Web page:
Speaking during a courtesy call on the National Aids Council Executive Director Dr. Tapuwa Magure UNFPA Country Representative Dr. Esther Muia said HIV prevention should be key to addressing the problem of HIV/AIDS in Zimbabwe by focusing on key populations and young people.

“As UNFPA we are looking at greater cooperation with partners especially National Aids Council on prevention interventions to reduce Zimbabwe’s HIV prevalence rate of 14.6% to below 10%,” said Dr. Muia. “Our focus should be on key populations and young people.”  

She said reaching young people with information on Sexual Reproductive Health is key to reducing HIV prevalence among adolescents together with ensuring availability of condoms.

National Aids Council executive director Dr. Tapuwa Magure said Government is committed to addressing the problem of HIV in the country and will continue to coordinate interventions in the country to ensure optimisation of resources. UNFPA works to intensify and scale up HIV prevention efforts in Zimbabwe. Although HIV prevalence has declined from 26.5 per cent in 1997 to 14.6% to date, it remains high. HIV related illness remains the largest cause of death of among adults of reproductive age and children.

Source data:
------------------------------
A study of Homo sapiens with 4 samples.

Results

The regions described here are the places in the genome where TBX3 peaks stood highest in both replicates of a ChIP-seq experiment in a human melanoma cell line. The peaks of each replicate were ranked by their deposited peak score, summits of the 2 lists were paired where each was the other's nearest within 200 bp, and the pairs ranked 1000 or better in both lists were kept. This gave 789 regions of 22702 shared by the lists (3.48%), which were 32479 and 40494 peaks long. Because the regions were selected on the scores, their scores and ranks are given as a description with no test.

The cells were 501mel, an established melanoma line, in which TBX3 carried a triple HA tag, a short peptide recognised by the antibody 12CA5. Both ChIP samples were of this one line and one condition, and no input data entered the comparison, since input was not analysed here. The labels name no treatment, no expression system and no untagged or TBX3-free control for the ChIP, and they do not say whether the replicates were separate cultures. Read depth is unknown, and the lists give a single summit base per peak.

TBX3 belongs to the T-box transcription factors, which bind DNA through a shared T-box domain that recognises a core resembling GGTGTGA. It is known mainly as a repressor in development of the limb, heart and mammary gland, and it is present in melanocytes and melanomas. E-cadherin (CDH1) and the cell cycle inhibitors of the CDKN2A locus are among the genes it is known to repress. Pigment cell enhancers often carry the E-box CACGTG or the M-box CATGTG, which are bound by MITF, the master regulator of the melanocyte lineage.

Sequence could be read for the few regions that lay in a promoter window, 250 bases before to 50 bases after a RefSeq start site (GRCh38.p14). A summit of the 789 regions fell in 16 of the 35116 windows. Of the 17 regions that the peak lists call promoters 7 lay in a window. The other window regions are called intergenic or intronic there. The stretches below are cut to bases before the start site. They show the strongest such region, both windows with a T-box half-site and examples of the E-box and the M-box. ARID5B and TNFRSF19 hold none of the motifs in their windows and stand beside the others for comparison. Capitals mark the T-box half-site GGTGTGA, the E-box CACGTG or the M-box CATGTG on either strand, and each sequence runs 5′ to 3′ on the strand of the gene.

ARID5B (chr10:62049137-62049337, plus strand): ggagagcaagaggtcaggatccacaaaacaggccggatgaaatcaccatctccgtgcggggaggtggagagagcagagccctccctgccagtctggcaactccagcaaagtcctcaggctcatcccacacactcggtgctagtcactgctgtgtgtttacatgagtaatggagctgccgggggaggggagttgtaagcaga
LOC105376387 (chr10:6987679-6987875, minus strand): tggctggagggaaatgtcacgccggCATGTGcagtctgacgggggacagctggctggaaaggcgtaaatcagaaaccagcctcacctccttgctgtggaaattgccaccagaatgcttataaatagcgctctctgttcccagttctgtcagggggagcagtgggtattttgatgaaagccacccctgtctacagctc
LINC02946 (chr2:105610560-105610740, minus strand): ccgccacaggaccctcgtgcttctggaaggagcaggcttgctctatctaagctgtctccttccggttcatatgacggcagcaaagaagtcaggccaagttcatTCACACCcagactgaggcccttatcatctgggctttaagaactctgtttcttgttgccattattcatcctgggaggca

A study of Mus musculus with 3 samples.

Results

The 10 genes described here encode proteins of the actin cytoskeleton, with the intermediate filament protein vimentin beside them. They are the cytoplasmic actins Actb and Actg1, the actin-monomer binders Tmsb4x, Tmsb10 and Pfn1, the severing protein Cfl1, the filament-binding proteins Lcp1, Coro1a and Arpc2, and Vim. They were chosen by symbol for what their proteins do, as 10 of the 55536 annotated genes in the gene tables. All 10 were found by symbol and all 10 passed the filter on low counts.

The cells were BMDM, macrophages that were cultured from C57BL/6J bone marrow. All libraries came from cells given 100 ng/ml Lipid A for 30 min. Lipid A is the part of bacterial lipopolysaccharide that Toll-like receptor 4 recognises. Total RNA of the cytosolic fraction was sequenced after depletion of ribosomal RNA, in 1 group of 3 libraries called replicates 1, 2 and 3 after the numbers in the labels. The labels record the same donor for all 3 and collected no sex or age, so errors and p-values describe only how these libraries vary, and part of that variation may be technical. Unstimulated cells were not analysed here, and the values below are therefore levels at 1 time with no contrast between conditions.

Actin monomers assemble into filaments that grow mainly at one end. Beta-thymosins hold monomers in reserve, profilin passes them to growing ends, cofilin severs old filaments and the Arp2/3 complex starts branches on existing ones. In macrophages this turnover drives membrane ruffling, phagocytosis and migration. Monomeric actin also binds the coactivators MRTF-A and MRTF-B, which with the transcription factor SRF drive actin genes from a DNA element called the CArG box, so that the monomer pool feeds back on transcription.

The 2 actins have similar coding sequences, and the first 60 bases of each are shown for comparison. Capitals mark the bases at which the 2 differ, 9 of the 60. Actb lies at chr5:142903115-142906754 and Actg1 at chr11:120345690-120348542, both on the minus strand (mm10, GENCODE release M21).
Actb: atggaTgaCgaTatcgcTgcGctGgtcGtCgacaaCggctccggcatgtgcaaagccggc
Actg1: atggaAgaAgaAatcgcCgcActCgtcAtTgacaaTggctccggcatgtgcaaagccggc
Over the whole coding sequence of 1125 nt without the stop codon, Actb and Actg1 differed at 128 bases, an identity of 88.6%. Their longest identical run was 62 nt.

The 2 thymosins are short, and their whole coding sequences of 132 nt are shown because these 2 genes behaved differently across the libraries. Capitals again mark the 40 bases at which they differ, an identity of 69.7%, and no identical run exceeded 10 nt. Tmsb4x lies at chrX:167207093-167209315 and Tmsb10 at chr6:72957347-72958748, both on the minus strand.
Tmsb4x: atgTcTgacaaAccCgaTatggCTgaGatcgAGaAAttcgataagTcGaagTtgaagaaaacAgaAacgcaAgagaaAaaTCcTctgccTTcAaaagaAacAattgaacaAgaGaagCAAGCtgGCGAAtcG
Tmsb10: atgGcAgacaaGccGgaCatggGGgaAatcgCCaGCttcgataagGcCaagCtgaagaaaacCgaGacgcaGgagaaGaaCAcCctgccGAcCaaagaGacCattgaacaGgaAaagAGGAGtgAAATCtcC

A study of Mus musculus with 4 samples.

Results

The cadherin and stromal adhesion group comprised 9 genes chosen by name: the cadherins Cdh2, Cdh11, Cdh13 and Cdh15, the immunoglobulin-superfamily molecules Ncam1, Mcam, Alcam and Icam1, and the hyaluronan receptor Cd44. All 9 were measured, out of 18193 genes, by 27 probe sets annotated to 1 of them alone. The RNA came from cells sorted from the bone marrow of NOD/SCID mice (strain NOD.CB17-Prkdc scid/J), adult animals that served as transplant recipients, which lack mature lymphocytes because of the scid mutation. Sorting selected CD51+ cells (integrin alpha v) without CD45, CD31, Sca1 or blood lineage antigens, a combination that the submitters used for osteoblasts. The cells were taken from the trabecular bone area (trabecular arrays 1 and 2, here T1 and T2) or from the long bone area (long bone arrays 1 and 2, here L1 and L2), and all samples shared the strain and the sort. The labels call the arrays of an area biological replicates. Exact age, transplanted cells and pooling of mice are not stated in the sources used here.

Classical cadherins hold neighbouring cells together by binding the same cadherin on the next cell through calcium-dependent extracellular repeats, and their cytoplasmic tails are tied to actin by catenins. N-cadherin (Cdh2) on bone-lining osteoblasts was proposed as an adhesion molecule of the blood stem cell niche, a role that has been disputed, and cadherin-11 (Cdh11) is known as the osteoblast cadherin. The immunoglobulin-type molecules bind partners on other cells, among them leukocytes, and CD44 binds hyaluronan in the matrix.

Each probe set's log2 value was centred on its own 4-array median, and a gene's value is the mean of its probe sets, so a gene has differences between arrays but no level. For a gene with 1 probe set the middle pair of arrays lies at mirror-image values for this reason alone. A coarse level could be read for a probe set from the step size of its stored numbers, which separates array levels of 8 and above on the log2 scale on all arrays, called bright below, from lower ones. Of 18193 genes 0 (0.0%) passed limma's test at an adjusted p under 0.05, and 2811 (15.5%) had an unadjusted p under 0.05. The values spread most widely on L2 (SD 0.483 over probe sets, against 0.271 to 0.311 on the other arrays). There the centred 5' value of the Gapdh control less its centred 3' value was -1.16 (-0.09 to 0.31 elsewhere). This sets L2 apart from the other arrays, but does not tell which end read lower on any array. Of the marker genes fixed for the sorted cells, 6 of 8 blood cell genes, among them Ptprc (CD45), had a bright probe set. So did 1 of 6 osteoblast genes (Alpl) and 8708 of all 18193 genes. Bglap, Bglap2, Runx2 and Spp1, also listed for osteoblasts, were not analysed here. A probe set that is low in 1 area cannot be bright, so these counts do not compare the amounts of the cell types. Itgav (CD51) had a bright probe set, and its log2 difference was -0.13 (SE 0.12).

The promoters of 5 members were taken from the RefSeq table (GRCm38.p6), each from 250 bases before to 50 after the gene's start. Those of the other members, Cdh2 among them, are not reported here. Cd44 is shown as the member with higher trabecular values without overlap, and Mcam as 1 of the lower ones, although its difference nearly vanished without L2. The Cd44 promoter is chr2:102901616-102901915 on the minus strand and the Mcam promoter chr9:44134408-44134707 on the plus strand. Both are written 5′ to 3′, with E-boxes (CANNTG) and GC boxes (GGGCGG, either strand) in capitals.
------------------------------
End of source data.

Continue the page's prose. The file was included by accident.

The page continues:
UNFPA’s efforts are focused on promoting access and utilisation of integrated sexual and reproductive health and HIV services through support from the Governments of Ireland, Sweden and United Kingdom. Key programmes include the integrated community based demand generation programme through the Behaviour Change Facilitators which uses the home visit approach aimed at reaching families, couples and individuals with information on HIV, GBV and SRH services available to them.

The National Sex Work Programme in Zimbabwe provides reproductive health services, HIV testing and referral, health education through static and outreach clinics sites established along major highways and hotspots. Other interventions include condom programming; support to SRH/HIV linkages aimed at service integration; and STI prevention and control.